Sepsis is a bigger killer than heart attacks, lung cancer or breast cancer.
The blood infection is a fast killer too. A person can be a very healthy fit individual one day and be dead the next morning.
“Sepsis does not discriminate. Everyone, including the youngest and fittest of us, is potentially susceptible,” said Prof Steve Kerrigan.
An associate professor in pharmacology at the Royal College of Surgeons in Ireland, Prof Kerrigan is the inventor of InnovoSep, a potential breakthrough in the fight against sepsis.
Otherwise known as blood poisoning, sepsis is a silent killer because it is unpredictable, rapid and can go undiagnosed due to its non-specific signs and symptoms.
There were more than 15,000 recorded cases of sepsis in Ireland in 2016, and 3,000 resulted in death. Six out of 10 hospital deaths are sepsis-related.
Prof Kerrigan last night addressed a free public lecture at the the Royal College of Surgeons in Dublin in a bid to make people aware of the disease.
“Sepsis can kill in 12 hours, and that is why it is so critical that everyone in the community is empowered with the information to ask: ‘could it be sepsis’? These four words could save your life,” he said.
The symptoms of sepsis mimic those of the flu — high temperature, rapid heart rate, rapid breathing, pain, pale or mottled skin, and generally feeling very sick.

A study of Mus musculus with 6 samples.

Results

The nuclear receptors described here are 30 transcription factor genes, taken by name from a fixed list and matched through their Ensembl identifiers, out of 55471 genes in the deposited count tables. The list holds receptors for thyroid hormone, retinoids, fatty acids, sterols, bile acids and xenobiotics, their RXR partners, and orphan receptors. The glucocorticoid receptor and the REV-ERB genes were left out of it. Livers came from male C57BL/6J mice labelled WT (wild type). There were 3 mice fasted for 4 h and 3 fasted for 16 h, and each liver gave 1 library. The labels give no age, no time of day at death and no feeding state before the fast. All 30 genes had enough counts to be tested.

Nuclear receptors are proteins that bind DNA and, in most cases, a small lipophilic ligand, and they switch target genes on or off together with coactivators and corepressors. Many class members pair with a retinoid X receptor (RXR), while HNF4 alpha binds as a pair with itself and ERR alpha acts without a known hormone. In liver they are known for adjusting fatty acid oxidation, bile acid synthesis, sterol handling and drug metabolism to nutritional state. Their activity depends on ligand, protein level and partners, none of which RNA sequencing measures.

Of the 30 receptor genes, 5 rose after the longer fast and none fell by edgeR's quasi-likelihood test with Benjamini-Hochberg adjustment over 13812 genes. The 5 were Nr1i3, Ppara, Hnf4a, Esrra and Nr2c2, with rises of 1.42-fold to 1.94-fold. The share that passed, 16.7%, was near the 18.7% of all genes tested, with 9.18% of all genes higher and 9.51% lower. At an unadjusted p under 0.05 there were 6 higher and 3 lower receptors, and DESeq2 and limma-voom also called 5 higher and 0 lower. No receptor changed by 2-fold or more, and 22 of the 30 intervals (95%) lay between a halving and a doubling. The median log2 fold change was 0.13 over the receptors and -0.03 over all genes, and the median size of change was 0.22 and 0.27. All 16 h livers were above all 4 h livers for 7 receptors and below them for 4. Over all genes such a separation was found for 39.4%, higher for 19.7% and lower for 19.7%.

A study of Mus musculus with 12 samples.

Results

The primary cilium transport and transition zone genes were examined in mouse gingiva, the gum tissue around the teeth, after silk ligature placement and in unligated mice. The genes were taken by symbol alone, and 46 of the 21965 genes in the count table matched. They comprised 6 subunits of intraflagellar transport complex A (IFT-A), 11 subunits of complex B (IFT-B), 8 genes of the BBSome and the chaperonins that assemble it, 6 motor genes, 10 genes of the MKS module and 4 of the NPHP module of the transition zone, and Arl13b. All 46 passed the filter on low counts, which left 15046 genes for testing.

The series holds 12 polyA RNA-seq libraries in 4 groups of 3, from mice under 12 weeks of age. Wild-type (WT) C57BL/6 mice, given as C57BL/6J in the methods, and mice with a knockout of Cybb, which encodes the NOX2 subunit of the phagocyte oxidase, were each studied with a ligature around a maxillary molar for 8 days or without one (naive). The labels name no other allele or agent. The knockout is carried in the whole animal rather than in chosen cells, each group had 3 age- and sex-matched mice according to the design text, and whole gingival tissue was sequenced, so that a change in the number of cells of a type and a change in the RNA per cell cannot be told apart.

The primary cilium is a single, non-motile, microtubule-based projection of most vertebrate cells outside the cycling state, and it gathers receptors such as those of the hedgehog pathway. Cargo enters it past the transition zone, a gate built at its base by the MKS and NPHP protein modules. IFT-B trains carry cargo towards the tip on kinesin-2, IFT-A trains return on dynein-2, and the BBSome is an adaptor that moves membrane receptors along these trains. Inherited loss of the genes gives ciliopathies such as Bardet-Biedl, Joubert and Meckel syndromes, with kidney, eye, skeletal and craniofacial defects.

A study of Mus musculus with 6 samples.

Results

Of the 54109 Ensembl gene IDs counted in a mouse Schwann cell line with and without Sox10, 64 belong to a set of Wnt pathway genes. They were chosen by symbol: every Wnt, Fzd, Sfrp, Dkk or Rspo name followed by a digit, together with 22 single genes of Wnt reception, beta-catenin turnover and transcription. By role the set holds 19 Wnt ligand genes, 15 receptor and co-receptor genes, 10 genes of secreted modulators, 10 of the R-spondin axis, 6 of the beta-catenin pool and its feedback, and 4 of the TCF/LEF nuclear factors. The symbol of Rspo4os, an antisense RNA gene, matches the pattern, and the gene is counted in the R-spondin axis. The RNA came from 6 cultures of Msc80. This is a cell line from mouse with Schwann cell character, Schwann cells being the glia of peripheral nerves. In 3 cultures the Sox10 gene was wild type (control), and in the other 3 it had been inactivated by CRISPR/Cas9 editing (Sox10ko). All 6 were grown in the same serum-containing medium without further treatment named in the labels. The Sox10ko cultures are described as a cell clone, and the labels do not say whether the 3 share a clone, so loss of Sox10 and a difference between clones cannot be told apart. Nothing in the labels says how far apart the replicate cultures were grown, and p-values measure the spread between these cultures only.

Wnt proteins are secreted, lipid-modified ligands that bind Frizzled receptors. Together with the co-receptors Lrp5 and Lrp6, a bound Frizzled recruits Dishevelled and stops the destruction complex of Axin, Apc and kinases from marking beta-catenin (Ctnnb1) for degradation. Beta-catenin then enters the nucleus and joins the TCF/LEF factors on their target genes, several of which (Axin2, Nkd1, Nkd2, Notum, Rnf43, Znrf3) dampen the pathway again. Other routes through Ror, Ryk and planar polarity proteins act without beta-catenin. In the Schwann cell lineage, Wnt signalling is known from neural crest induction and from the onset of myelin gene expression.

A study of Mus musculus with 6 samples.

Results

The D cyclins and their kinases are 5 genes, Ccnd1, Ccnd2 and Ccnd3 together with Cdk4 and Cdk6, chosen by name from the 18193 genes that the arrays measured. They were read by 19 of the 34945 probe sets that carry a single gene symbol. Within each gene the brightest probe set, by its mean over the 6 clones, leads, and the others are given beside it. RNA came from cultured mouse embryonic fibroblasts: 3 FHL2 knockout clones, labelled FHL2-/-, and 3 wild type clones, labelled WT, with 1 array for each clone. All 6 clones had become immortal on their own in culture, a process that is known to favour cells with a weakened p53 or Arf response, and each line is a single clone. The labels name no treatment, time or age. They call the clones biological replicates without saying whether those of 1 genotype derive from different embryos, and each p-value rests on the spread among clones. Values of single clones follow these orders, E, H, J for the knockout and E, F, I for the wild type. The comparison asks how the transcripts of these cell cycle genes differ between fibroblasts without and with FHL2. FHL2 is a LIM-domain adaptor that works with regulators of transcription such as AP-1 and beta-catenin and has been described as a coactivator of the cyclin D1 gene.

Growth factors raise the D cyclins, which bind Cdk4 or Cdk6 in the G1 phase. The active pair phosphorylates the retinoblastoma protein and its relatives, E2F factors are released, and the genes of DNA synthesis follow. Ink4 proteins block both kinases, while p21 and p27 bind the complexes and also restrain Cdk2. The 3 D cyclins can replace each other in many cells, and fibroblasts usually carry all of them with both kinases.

The main difference between sepsis symptoms and flu is sepsis will come on very quickly whereas flu comes on over days.
“Within possibly six hours you are going to be feeling incredibly sick. If you think the symptoms have come on way too fast when you dial 999, ask could this be sepsis?
“I can guarantee the emergency services will respond very quickly when you ask that question because they know time is against you,” he said.
Prof Kerrigan said there was a window of opportunity where sepsis can be controlled but it is crucial that no time is wasted in getting people to hospital.
There is a 10% increase in mortality for every hour where treatment with antibiotics is delayed.
Prof Kerrigan leads a group that has discovered InnovoSep, a non-antibiotic approach for treating or preventing a severe bloodstream infection.
“This treatment has huge potential but it’s also important for people to be aware that there are simple things we can do to reduce the risk of sepsis occurring,” he said.
“Every cut, scrape or break in the skin can cause infection. All wounds need to be cleaned quickly with clean water. If you have a wound that can’t close, then you most likely need stitches and you should get to a hospital.”
Prof Kerrigan said InnovoSep prevented the bloodstream from spinning out of control and damaging the body’s organs by inhibiting the blood vessels.
Because the treatment prevents damage to the organs it allows patients to recover much quicker.
“We discovered the drug about five years ago, and it is in pre-clinical trials right now. Human trials are expected to start within 18 months to two years,” he said.
Currently, there is no approved specific treatment for sepsis and the clinical management is focused on reducing the infection using aggressive intravenous antibiotic therapy.